Children's Exposure to Violence: Frequency May Not Be the Best Predictor of Negative Symptoms
With the shooting at Sandy Hook Elementary School this December still fresh in the American conscience, children's exposure to violence has become a widely shared concern.
Whether at home, at school, or in the community, exposure to violence raises concerns about not just the potential for physical harm, but also the longer-term developmental and mental health risks for children. A recent RAND study examines whether and how children's lifetime violence exposure is related to a set of negative symptoms.
How prevalent is children's exposure to violence?
According to a 2009 survey using a nationally representative sample, 61% of children age 17 and younger are exposed to a broad range of crime, violence, and abuse (PDF), including:
- physical assault (46%)
- property offenses (25%)
- maltreatment by a parent or caregiver (10%)
- witnessing violence at home or in the community (25%)
- sexual abuse (6%).
What are the risks associated with children's exposure to violence?
Not all children experience measurable harm, but exposure to violence has been linked to various developmental and mental health consequences, including:
- post-traumatic stress disorder (PTSD)
- behavioral / developmental problems.
Exposure can also negatively impact academic achievement in children and is associated with increased stress among caregivers.
What symptoms did the RAND study examine?
Researchers examined three negative symptoms:
- child internalizing (e.g., negative self-perceptions) and externalizing (e.g., aggression, hyperactivity, etc.) behavior problems
- child PTSD symptoms
- parenting stress.
What about violence exposure? How did the researchers measure that?
The RAND study used three different methods of measuring violence exposure:
- total frequency of all lifetime exposure
- total frequency of all lifetime exposure by broad category:
- sexual abuse
- witnessing violence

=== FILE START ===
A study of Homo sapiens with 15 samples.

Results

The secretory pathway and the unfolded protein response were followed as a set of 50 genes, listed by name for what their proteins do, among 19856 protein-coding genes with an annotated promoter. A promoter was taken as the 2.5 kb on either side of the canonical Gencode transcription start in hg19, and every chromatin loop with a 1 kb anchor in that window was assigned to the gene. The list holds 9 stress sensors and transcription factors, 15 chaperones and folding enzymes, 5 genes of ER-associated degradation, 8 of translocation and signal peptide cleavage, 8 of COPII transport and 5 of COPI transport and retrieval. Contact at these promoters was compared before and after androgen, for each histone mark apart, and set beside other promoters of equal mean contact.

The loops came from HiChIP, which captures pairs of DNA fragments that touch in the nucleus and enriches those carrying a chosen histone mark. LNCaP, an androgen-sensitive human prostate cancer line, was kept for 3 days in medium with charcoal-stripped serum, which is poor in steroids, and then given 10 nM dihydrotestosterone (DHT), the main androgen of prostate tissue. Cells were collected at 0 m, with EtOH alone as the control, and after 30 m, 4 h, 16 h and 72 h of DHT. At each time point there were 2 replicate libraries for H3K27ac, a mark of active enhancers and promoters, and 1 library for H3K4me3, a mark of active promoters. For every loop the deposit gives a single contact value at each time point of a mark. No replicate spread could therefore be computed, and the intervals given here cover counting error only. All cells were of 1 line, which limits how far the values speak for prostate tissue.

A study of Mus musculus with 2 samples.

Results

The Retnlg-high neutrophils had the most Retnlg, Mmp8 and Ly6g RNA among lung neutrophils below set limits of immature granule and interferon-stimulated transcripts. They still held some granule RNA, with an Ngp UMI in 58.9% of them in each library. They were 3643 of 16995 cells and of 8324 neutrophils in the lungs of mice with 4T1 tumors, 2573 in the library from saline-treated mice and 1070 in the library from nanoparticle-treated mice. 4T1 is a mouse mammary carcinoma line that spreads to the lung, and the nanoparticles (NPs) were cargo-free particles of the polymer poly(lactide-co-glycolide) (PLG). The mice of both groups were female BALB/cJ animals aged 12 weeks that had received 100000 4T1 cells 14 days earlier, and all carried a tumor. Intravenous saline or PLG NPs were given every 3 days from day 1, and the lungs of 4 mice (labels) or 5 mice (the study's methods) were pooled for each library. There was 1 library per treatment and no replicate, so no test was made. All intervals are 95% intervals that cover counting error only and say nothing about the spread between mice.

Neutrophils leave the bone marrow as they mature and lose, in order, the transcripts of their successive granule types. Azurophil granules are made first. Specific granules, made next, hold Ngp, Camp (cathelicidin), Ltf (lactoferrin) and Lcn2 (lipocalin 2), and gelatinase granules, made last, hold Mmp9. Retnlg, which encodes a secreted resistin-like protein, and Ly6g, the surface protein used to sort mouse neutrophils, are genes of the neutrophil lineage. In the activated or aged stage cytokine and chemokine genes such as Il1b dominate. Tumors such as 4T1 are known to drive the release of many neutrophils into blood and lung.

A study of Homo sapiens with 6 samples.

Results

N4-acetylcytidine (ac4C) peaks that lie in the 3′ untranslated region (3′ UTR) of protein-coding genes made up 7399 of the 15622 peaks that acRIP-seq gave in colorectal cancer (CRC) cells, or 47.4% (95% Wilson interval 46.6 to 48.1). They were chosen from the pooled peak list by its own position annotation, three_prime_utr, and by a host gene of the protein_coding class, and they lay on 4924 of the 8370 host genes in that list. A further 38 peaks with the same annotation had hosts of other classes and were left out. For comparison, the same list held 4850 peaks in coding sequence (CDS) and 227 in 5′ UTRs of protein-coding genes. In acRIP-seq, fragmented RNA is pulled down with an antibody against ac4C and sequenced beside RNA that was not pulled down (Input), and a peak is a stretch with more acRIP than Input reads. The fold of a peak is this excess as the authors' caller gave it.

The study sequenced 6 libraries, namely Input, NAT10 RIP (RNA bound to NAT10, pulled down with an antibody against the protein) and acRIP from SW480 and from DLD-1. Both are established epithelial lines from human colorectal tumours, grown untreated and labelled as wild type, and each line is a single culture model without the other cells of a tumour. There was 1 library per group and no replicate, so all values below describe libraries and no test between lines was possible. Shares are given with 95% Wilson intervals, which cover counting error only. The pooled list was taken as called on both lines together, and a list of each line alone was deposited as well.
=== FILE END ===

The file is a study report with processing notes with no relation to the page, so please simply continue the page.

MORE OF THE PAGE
- polyvictimization (i.e., exposure to multiple violence categories)
What did they find?
Interviews were administered with the primary caregivers of more than 750 children who had been exposed to at least one violent incident in their lifetime. Caregivers reported that children were exposed to an average of nearly 15 incidents of violence in their lifetime—a startling number, considering that the average child age was just under five. Witnessing violence was the most common category of lifetime exposure and the category most frequently experienced. More than half (56%) were exposed to more than one category of violence in their lifetime.
Polyvictimization (exposure to multiple types of violence) emerged as a consistent predictor of all three negative symptoms (child internalizing / externalizing behavior problems, child PTSD, and parenting stress). Exposure to two or more different categories of violence was the “tipping point,” as this resulted in significantly worse symptoms than exposures of a single category, regardless of the frequency of that lifetime exposure.
What can we learn from these findings?
Traditionally, the focus has been on how specific types of violence exposure, such as witnessing domestic violence or experiencing physical abuse, may impact children. However, this narrow perspective may miss the big picture, at least for young children like the ones in this study. These findings suggest that the “mix” of violence exposure experiences may be the key risk factor for producing negative impacts on children, rather than the amount or specific type of experiences.